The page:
Under the terms of the agreement, China will hold the site—several hundred hectares around the That Luang Buddhist monument—on a 100-year lease, with permission to develop surrounding marshlands, a Lao government official told RFA’s Lao service.
The official, who declined to be named, was concerned that the Lao government had signed over the land in lieu of the repayment of hundreds of millions of U.S. dollars’ worth of interest-free loans.
“In this area, China has a program to build a new city like Suzhou—which is renowned for tourism, with its many bridges and variety of trees and vegetation,” the official said. “In addition, they will build a development of luxurious homes for wealthy Chinese, and in addition, thousands of Chinese families will move in and live on this land.”
The official said he was unsure why the government would allow potentially large numbers of Chinese nationals to come and live in the area, to the northeast of the Lao capital.
He said he feared the establishment of a large “Chinese city” close to That Luang, which is a potent monument to Lao nationalism.
China’s presence in Laos has intensified rapidly since it organized a financial bailout of the impoverished country in the wake of the Asian financial crisis.
Since 2000, Beijing has poured money into Lao infrastructure, including a “land bridge” through which Chinese goods can flow into Thailand.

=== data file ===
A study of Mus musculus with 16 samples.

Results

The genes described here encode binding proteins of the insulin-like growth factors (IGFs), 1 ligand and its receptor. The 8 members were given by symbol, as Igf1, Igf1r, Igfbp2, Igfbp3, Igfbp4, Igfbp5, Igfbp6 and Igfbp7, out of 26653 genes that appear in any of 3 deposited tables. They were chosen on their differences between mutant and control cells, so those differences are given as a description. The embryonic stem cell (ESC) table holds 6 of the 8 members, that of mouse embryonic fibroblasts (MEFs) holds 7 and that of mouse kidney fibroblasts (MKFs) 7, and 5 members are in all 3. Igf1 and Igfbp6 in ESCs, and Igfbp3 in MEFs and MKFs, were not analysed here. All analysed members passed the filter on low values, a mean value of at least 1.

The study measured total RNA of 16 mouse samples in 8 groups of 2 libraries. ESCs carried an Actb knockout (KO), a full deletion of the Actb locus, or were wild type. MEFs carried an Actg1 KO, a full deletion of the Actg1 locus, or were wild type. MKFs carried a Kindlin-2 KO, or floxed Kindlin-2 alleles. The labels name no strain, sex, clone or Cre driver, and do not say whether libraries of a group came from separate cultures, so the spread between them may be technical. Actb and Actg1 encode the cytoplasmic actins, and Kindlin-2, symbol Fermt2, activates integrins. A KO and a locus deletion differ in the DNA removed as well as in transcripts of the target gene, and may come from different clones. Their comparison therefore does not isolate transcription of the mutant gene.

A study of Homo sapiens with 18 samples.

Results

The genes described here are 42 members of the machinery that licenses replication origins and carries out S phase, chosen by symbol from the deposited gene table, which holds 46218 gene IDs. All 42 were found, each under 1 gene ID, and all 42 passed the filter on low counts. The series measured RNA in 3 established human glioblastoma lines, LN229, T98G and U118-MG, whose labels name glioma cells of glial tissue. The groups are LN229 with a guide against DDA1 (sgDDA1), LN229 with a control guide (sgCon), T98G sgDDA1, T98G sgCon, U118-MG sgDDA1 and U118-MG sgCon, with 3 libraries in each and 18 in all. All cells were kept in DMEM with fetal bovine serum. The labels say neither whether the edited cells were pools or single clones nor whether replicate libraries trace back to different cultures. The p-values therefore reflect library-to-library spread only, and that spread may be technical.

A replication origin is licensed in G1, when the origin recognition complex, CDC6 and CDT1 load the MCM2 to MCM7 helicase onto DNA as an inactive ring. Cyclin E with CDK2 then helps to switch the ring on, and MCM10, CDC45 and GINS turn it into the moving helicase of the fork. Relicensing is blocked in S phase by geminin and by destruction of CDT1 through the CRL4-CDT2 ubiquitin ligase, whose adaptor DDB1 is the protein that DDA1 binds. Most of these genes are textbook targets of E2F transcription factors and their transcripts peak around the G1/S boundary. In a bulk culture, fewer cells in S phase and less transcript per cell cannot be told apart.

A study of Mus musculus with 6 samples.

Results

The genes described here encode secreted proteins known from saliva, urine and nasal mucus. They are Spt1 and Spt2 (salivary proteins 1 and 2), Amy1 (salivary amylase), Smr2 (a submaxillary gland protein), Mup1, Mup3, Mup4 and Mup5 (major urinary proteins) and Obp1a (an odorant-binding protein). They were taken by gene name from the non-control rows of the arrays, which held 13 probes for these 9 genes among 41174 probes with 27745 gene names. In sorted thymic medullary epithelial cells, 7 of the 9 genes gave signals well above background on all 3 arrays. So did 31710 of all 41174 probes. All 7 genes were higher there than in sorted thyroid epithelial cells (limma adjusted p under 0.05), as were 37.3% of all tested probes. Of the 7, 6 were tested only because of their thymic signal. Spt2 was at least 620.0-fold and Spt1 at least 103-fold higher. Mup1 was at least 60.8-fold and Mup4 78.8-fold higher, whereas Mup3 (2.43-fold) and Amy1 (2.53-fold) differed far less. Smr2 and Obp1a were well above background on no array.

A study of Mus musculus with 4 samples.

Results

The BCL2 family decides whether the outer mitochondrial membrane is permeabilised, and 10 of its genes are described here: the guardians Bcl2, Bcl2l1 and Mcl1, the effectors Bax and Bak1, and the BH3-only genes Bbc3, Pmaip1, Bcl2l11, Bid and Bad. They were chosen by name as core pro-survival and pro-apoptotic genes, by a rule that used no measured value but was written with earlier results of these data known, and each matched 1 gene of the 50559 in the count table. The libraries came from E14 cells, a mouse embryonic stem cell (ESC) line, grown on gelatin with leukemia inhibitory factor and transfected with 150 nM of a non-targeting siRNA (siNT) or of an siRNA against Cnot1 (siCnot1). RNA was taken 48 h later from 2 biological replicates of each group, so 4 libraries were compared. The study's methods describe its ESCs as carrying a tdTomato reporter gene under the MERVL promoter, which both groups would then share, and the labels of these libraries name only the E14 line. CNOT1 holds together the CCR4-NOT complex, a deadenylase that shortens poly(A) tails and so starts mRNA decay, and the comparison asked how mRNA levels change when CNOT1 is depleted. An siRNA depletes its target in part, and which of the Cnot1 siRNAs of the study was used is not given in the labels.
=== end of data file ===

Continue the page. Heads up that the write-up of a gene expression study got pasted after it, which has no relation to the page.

In this area, China has a program to build a new city like Suzhou.
Pha That Luang, which means “Great Stupa” in Lao, was built in the 16th century under King Setthathirat on the ruins of an earlier 13th century Khmer temple. This was built, according to tradition, on the remains of a third century Indian temple built by Buddhist missionaries.
Relics of the Buddha are said to be kept in the stupa, whose architecture includes many references to Lao culture and identity, and has become a symbol of Lao nationalism.
China has also expressed a strong desire to increase imports of natural resources from Laos, including timber, iron ore, copper, gold, and gemstones.
In 1997, China helped bail out the Lao economy by increasing aid, trade, and investment through a series of bilateral agreements covering economic and technical cooperation, investment and banking, and infrastructure development.
Beijing also provided generous export subsidies and interest-free loans which enabled Laos to stabilize the value of its currency during a crisis in 1998-99 to the tune of U.S. $1.7 billion, according to official Chinese media. The new relationship was cemented with the visit by then President Jiang Zemin to Laos in November 2000, the first by a Chinese head of state, and Beijing agreed to cancel much of the Lao debt in 2003.
Two-way trade grew from U.S. $33.1 million in 1990 to U.S. $118.3 million in 2003, much of it in China’s favor, according to figures compiled by the Asian Development Bank (ADB). China is officially Laos’s third biggest trading partner, although far more trade is known to occur unofficially across their common border than is ever recorded by officials.
In 2004, the government-controlled Vientiane Times said the cumulative total of Chinese investment in Laos since 1988 had reached U.S. $342 million, making China one of the top three foreign investors. Experts say China and Vietnam are strategic competitors for influence in Laos.
Original reporting by RFA’s Lao service. Service director: Viengsay Luangkhot. Written for the Web in English by Luisetta Mudie. Edited by Sarah Jackson-Han.